Whether you were an early bird this year and filed as soon as you were able, or you'll make an eleventh hour dash for the post office, getting your taxes off to Uncle Sam takes some compilation of your personal records and some careful review to get it right. That's just the kind of seasonal opportunity that thieves and fraudsters live for — including some who cite it as open season: the busiest time on their calendars. We can all use a little help keeping our records and information safe in the race to file and the wait to receive a return that follows. So whether you've already checked the box and are waiting patiently for a big check, or you're still compiling statements, make sure these ideas are a part of your plan.
If you've yet to file, and you're working with a tax preparer, make sure it's one you trust. If you're working with someone for the first time this year, do your homework on them before committing: recommendations of first-hand experience from trusted family and friends can't be beat. Don't be taken in by big promises up front to find later that, when you have questions after filing, their business has folded and they can't be contacted. Preparers should also have — and freely offer up — their valid tax preparer identification numbers, and you can always verify their status with the IRS directory. Consider any professional tax preparer not volunteering this information when asked as a major red flag.
Additionally, make sure that preparers aren't coaxing you into something you're not comfortable with, whether it's requesting that you sign a blank return, pay fees based on a percentage of your refund amount, or suggesting that you direct deposit your refund into an account that isn't yours. Tax preparers also shouldn't imply that they can get you a better refund than last year, or use just your last pay check instead of your full W-2 form. If your preparer employs any of these tactics, it's time to evaluate other options sooner than later.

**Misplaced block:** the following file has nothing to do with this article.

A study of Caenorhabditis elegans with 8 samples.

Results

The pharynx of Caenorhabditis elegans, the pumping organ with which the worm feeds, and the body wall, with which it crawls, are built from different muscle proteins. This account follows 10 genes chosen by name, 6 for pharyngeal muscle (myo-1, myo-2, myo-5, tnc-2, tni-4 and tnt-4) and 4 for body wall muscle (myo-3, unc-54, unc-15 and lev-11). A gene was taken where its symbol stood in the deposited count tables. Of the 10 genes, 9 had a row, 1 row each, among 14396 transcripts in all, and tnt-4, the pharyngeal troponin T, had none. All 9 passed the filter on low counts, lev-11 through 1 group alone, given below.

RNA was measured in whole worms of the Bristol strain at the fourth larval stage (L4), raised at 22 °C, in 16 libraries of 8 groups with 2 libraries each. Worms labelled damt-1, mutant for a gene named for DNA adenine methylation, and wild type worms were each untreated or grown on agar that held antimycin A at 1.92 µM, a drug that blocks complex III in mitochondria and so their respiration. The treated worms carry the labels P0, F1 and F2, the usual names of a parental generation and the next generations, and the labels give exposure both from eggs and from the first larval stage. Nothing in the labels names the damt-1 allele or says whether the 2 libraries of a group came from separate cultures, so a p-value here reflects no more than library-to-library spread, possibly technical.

If you've already filed your return and are patiently awaiting your refund information, know that some filers receive a denial from the IRS stating they've already filed. If this happens to you, it's a reliable indicator that you've become a victim of tax fraud — and someone else has already filed with some of your information. An even earlier indicator may have been a failure to file your tax return online, when the IRS reports that a return has already been filed in association with your Social Security number.
When you receive your refund information via letter from the IRS, you may not learn about the exact discrepancy until you're in direct contact with the IRS. The letter you receive from them could share a variety of possible scenarios each indicating a discrepancy between the records you have and return information they've received. Remember that if you make these discoveries regarding tax fraud that your response should include:
- Filing a police report
- Contacting the IRS' Identity Protection unit by phone at 800-908-4490
- Notifying the credit bureaus and consider adding a fraud alert on your credit reports
Remember that the speed of your response to these signals can make a major difference in the fallout the discovery can have on your life and finances. You're not alone nor the first victim that tax schemers have claimed. Be savvy up front and selective with your information to limit your risk, and when you find a good preparer, keep them in your fold for years to come.